Religious Sports At first impression it would normally be assumed there is little, if any, relationship between religion and sports. Sports are a competitive, dynamic, and to a great degree, group activity. Religion, on the other hand, is a non-competitive process based more on self-experience, It is hard to associate saying one's prayers in churches or temples with cheering for football teams in the World Cup. However, let us look at how sports came into being.
At the time when producing forces were so low that struggle for survival was all life meant, primitive people could not have sports only for fun. Athletic activities began as religious rites. Its roots were in man's desire to gain victory over foes seen and unseen, to influence the force of nature, and to promote fertility among his crops and cattle. Some original inhabitants in America and Africa still play games that they believe would bring rain and thus enable their crops to grow. From the day of its birth, sports was closely related to religion, In addition, in the ancient time, the most important athletic meetings of the Greeks were parts of religious festivals: the Olympic Games that were held in the honor of Zeus, king of the Greek gods. Ironically, the end of the ancient Olympic Games was a result of the religious convictions of the Roman emperor who had invaded Greece; he was a Catholic.
Proofs of the inter-influence between religion and sports in history were countless. However, as to modern sports, its relationship with religion is no more the same. It is concluded that it is not so much the forms of religion but the values of it that has been carried over into modern sports. A sport is not a religion in the same way that Christianity, Islam or Buddhism is a religion. However, these are not the only kinds of religion.
There are secular religions. civil religions. While it may be too superficial to suggest that sport has many of the characteristics of religion, such as gods, rituals, shrines, it is necessary and useful to list some of the elements of religion and see how they are imitated in the world of sports. According to J. Milton Yinger, a leading scholar in the sociology of religion, religion is "a system of beliefs and practices by means of which a group of people struggle with those ultimate problems of human life. It is the refusal to capitulate to death, to give up in the face of frustration to allow hostility to tear apart one's human association". Thus, it is understood that basically religion makes life easier. Sports, too, helps people forget the painful reality.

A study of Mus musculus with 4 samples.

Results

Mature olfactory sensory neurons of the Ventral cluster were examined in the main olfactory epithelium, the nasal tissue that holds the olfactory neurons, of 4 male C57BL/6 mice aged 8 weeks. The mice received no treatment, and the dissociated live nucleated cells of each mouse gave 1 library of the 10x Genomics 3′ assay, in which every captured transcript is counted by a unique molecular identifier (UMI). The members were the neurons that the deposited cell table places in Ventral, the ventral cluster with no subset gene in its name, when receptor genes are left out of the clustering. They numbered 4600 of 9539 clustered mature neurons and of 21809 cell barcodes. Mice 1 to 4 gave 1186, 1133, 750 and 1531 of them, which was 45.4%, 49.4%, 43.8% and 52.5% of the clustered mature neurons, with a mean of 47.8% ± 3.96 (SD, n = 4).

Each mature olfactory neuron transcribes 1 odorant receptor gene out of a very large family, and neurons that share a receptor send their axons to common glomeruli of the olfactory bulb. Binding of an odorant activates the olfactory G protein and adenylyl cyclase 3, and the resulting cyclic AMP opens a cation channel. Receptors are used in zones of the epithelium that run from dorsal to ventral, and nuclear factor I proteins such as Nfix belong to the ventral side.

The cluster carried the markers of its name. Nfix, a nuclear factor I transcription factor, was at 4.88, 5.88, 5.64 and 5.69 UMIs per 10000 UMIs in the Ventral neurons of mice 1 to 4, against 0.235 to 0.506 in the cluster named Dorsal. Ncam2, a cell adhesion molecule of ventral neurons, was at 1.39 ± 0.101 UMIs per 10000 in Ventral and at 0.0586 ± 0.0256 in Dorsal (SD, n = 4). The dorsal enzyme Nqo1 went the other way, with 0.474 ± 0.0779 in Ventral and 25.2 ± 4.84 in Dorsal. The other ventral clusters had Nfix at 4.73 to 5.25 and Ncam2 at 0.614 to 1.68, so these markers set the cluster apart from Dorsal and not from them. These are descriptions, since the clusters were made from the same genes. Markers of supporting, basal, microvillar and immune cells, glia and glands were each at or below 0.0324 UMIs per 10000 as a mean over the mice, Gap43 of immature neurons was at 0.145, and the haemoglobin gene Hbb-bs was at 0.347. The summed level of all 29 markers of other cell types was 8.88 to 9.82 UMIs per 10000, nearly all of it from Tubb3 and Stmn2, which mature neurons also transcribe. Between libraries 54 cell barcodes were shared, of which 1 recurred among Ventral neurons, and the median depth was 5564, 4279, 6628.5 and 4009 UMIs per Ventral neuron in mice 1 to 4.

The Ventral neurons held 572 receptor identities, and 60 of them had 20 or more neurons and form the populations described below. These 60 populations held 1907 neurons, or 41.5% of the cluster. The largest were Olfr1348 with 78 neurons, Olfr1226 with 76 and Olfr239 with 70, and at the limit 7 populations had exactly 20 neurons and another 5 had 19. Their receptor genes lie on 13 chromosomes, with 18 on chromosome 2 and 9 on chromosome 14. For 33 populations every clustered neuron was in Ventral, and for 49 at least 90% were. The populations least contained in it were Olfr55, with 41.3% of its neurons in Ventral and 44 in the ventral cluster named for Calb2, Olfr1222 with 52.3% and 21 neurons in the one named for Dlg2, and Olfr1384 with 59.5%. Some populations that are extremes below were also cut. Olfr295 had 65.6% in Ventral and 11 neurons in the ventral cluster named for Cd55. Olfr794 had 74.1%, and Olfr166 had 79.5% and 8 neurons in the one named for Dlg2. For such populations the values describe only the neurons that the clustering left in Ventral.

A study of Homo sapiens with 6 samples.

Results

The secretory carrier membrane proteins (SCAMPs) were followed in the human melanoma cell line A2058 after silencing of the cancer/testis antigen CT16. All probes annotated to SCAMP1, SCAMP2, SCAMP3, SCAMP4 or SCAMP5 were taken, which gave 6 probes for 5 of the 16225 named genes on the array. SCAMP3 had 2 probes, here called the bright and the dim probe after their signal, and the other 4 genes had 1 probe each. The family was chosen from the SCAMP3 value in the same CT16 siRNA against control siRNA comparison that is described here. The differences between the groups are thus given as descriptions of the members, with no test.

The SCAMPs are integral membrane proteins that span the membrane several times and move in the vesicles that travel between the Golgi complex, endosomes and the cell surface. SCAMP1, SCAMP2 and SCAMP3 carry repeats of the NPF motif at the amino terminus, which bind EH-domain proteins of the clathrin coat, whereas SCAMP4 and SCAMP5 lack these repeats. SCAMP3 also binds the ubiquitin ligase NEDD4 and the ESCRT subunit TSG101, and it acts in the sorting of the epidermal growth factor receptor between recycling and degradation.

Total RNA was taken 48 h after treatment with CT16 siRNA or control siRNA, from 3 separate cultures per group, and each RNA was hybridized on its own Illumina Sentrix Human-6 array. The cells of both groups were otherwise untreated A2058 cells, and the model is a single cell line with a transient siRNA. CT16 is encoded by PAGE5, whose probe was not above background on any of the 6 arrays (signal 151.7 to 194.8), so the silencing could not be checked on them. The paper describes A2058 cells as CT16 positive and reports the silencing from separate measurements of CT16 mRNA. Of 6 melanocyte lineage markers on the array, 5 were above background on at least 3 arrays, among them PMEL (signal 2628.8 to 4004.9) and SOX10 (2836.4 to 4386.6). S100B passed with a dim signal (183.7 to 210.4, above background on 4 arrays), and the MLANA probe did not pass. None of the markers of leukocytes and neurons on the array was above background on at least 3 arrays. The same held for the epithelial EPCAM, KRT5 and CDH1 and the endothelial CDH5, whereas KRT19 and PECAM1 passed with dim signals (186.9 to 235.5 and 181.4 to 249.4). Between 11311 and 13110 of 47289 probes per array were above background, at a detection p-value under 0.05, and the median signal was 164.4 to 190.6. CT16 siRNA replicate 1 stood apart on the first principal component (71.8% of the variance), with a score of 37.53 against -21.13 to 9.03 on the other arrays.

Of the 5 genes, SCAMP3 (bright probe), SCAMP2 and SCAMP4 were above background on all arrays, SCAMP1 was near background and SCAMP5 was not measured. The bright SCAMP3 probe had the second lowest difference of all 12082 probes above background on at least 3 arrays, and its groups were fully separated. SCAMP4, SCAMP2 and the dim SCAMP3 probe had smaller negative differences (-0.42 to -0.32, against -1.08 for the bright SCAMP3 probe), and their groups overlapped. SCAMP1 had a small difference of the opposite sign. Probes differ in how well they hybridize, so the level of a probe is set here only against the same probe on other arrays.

The spirit of man, in sports and religion, is an exercise of personal venture into the scientifically unknown. Entering the sports arenas, people get and answer to the discontent they feel a response to the feeling that life is not all that it should be. From my own experience, students under great pressure of exams are easily subjected to such out of control of reality when exercising sports. None of the examine papers, parents' hope, teachers' urges remain important. Such is the so-called religious experience in sports. In the process, students usually are not aware of the concrete action they are taking because they are absorbed in something far greater than ordinary humanity.
Religions also direct the feeling most people have of danger, accident and chance-in a word, Fate. Human plans involve ironies. Our choices of the future are made with so little insight of nature that what we desire is often not the path to what we want. The decision we make with little attention turn out to be major turning points. Contrarily what we prepare for with great efforts never happens. Regions create powers greater than ourselves who magically invent something called "destiny" and make people reconcile to it.
Sports events are also full of uncertainties. It is true that as you sow, so will you reap. Nevertheless, the smallest incident may result in the complete change of the winners in the competition. To say "participating is most important" is another form of Fate, playing the role as the psyche's best defense against unpredictable disaster. Last, I would like to further clarify the cause of the religion element of sports. Sports flow outward into action from a deep natural impulse that is radically religious.
It is an impulse of freedom, a feeling of participation, and a respect for beauty, a longing for perfection. Sports are natural religions. Sports and religion, may be the two most long-lived human activities, really have a lot in common. What I analyze here mainly emphasizes on the spiritual level which is inclined to have the danger of being aloof from reality. However, as to China, things become subtler, for in the long history of China, there was never a religion that had dominated political or civil life. That has still much place for dispute.
It is only the religious aspect of sports has normally been ignored that I would like to raise it here. Still, further discussion is quite necessary. Branch, Rudolph, How Did Sports Begin New York: David Mc hey, 1990. Novak, Michael, The Joy of Sports. New York: Basic Books, Inc., 1976. Yinger, J. Milton, Religion, Society and the Individual.
New York: Macmillan, 1957. S lusher, Howard, Man, Sport and Existence: A Critical Analysis. Lea&Feb iger, Malvern, Pennsylvania, 1967.